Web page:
After more thought, I am puzzled why Atmel specifies the formula
v = (Vref/1024)*n
for converting an ADC value, n, to voltage v.
This formula, that I sometimes use, is no better.
v = (Vref/1023)*n
An ideal 10-bit ADC returns the value n for voltages between (Vref/1024)*n and Vref/1024)*(n+1).
It seems like you should use the average value of voltage for bin n. The formula for the average bin voltage is:
v = (Vref/1024)*(n + 0.5)
The Arduino ADC is anything but ideal so I calibrate it, as above, for accurate measurements.
The problem with calibration is that non-linearity is a ragged function so you can't just do a few measurements to get a good calibration.
I measure the response of the ADC for over 4000 voltages. I use a linear fit to these measurements. This gives very good results for almost all ATmega chips.
That brings up the question of how can you select the best chip based on a few measurements?
ADC theory articles often show smooth curves for integral non-linearity but for real parts the plot is a very ragged/jagged line. A calibration based on just a few measurements is an improvement but nowhere near optimal.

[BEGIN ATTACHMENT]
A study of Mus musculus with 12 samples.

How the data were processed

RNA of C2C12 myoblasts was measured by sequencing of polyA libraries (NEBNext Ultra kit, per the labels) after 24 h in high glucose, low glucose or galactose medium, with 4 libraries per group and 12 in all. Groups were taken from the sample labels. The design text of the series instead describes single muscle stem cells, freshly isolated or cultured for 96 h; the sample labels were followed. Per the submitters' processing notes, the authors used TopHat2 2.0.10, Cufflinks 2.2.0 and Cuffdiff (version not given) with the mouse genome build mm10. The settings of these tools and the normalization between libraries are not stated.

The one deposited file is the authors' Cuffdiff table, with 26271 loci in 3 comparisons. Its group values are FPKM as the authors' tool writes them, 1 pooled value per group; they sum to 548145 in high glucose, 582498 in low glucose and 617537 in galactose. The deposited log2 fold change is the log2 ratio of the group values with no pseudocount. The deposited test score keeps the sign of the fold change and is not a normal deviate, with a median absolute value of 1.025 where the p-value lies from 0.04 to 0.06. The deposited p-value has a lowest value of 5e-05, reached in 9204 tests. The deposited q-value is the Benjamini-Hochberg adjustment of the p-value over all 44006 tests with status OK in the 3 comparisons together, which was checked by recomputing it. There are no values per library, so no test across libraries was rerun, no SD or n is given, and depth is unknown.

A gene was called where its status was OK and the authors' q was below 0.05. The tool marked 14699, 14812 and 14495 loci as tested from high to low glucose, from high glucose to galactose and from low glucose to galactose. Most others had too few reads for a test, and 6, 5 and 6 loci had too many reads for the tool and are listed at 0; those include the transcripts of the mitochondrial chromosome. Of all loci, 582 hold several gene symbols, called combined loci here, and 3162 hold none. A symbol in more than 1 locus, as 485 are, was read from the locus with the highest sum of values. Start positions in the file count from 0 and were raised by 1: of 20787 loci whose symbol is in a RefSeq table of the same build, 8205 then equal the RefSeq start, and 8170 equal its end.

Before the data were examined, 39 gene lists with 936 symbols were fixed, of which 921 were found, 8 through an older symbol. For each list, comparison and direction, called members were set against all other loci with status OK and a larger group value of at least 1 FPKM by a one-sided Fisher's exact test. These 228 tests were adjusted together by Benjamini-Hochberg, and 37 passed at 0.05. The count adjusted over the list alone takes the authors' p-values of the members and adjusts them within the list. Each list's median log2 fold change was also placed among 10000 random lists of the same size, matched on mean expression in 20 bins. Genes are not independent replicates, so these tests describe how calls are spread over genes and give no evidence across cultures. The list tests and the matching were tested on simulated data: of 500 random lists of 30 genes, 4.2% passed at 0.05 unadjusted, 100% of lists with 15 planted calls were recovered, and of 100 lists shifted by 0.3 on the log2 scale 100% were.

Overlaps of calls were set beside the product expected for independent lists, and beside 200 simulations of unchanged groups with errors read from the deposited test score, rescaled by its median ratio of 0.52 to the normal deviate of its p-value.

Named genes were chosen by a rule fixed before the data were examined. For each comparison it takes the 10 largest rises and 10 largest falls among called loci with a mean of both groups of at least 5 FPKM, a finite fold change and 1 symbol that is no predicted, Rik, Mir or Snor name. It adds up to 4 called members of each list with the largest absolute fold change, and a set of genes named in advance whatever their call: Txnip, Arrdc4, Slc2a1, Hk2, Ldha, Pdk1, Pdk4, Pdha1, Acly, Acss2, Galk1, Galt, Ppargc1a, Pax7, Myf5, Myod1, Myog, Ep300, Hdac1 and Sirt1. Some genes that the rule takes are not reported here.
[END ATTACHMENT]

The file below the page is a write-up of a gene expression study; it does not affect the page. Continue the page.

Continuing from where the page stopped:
A comment on the S/H impedance measurements. These measurements should not be relied on for real situations. Stray capacitance becomes a key factor for high impedance sensors.
High impedance sensors are not likely to output high frequency signals so you can improve accuracy by adding a 2-20nf cap between the sensor's analog pin and ground.
When the ADC MUX switches to this pin, the charge in the pin cap will be used to charge the S/H cap. The S/H cap is about 14pf so the S/H voltage will be accurate to 1% if you use a 2nf cap and 0.1% for a 20nf cap.
Of course the best solution is to use a good op-amp and filters to condition the signal from high impedance sensors.